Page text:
Monday, March 28, 2005

Eudora, Elvis and Faulkner

They are names that resonate with a power that transcends even the basest elements associated with the Magnolia State. One wrote fiction that defied belief and acted in ways that fostered disbelief. Another was a slick-haired rebel, sneering and sneered at for his pelvic "obscenities." And the third grew slowly on the consciousness of the country, a lady far above and beyond the belles.

You couldn’t squat in Oxford for more than a day without encountering some mention of William Faulkner. And yet, it wouldn’t take you another day to realize that while the town and university played him up for benefit, they not-so-secretly looked down upon him…and not because “Billy” was height-challenged.

Faulkner was not one to go through life rounding off his sharp edges. He once upbraided his daughter, who hassled him about his drinking, with “No one remembers Shakespeare’s daughter!” A drunkard of epic proportions in a land that considers drunkenness a weekly rite (and right), Faulkner skewered his surroundings and its people with bone-slashing observations that, couched in mellifluous and overwrought sentences, dared to reveal more than they concealed.

His words adorned the Ole Miss Library; the Yoknapatawpha Conference was an international hit and his home was a tourist attraction. And yet, you got the feeling that if Faulkner vanished from memory, the collective sigh of relief would have drowned the tinkle of steady money.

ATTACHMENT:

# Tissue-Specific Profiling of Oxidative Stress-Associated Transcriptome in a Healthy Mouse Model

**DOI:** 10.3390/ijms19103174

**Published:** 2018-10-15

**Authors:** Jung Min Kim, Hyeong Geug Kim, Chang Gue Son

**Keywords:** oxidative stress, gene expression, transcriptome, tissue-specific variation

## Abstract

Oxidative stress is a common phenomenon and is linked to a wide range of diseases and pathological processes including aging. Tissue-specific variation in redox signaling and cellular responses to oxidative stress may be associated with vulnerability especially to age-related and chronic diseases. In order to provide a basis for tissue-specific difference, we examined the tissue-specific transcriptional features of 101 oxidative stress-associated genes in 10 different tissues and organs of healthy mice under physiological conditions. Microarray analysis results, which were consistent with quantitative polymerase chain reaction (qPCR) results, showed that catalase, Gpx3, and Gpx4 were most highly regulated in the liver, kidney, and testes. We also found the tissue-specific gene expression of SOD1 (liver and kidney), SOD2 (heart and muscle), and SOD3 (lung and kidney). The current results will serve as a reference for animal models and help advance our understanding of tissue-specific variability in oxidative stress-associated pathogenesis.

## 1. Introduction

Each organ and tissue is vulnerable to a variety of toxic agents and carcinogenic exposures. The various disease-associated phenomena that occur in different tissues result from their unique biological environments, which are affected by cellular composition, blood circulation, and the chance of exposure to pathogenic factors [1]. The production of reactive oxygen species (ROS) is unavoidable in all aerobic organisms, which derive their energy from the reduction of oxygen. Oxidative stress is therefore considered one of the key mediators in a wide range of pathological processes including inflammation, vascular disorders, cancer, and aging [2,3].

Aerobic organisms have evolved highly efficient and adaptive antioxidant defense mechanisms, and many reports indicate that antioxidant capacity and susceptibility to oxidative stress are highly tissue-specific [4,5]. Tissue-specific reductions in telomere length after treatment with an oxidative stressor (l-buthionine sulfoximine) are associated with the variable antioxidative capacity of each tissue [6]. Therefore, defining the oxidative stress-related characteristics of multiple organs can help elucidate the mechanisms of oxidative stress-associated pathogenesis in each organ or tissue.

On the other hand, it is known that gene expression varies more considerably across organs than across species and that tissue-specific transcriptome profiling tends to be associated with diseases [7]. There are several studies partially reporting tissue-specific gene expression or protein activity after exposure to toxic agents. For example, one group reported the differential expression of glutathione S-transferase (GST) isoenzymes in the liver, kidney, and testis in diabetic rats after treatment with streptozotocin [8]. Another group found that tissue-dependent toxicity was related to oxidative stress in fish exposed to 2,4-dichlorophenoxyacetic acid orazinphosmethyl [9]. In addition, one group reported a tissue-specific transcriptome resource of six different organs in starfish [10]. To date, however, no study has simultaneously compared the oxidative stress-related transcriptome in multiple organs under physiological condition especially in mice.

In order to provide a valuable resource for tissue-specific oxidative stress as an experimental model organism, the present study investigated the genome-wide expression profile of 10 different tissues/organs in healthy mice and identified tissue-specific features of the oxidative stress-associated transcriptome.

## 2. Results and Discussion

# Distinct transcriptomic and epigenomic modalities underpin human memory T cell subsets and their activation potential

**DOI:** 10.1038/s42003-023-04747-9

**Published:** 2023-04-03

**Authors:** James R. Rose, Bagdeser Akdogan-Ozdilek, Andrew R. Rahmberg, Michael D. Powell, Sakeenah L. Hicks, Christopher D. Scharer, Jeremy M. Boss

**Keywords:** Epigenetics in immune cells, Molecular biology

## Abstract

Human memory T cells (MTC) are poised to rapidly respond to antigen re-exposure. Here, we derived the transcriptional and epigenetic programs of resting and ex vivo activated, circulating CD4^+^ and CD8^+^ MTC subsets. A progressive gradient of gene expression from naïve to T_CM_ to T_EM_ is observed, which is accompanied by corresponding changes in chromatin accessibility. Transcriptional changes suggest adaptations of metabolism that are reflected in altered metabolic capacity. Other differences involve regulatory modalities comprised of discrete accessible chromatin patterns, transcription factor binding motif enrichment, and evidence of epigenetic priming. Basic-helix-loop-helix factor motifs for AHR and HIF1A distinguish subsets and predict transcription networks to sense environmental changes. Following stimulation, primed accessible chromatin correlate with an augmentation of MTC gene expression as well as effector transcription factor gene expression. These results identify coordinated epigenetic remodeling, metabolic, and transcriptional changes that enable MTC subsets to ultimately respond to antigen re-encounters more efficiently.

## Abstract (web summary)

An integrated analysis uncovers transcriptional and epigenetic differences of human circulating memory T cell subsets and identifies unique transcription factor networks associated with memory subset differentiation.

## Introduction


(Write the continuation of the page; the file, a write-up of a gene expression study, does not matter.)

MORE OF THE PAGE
Elvis was born in Tupelo and that’s as much of Mississippi as he or anyone else cared about. The Great State, as so many laughingly call themselves, had little to do with his eventual power as a cultural icon. That Elvis strode the earth like a giant, almost single-handedly remade American society and gave us an iconoclastic 20th century Greek tragedy of a life is hard to ignore.

Mississippians don’t ignore it. They talk around Elvis, close to Elvis, make references to Elvis and sometimes even talk through Elvis, but in the end, they pointedly downplay Elvis. Until that moment—and it always comes—when they drawl with ill-conceived and badly-misplaced hubris: “You know, he was born in Tupelo.”

Eudora Welty is not a Nobel Prize winner nor is she an American icon. She was a writer, one of the great ones from a land that produces writers like royal families produce inbred feebs. Her prose was—is—clean and simple, with consistent flashes of insight and charm. She wrote for decades, her works defined by both quantity and quality and the ability to blend in with, not shake up, society.

She was gracious where Faulkner was abrasive; real where Elvis was fantasy. Eudora Welty was never as famous as the other two, but she was easily the more admirable, the friendly one who never soured her name or that of others, who cherished herself to a long and worthy life. She scaled no great heights, but she never descended from her scaled steps.

I heard too much about Faulkner there in his hometown and wished I’d heard less about Elvis. But not once did I hear a word about Eudora Welty. If the good die young around the world, the good die unremarked in Mississippi.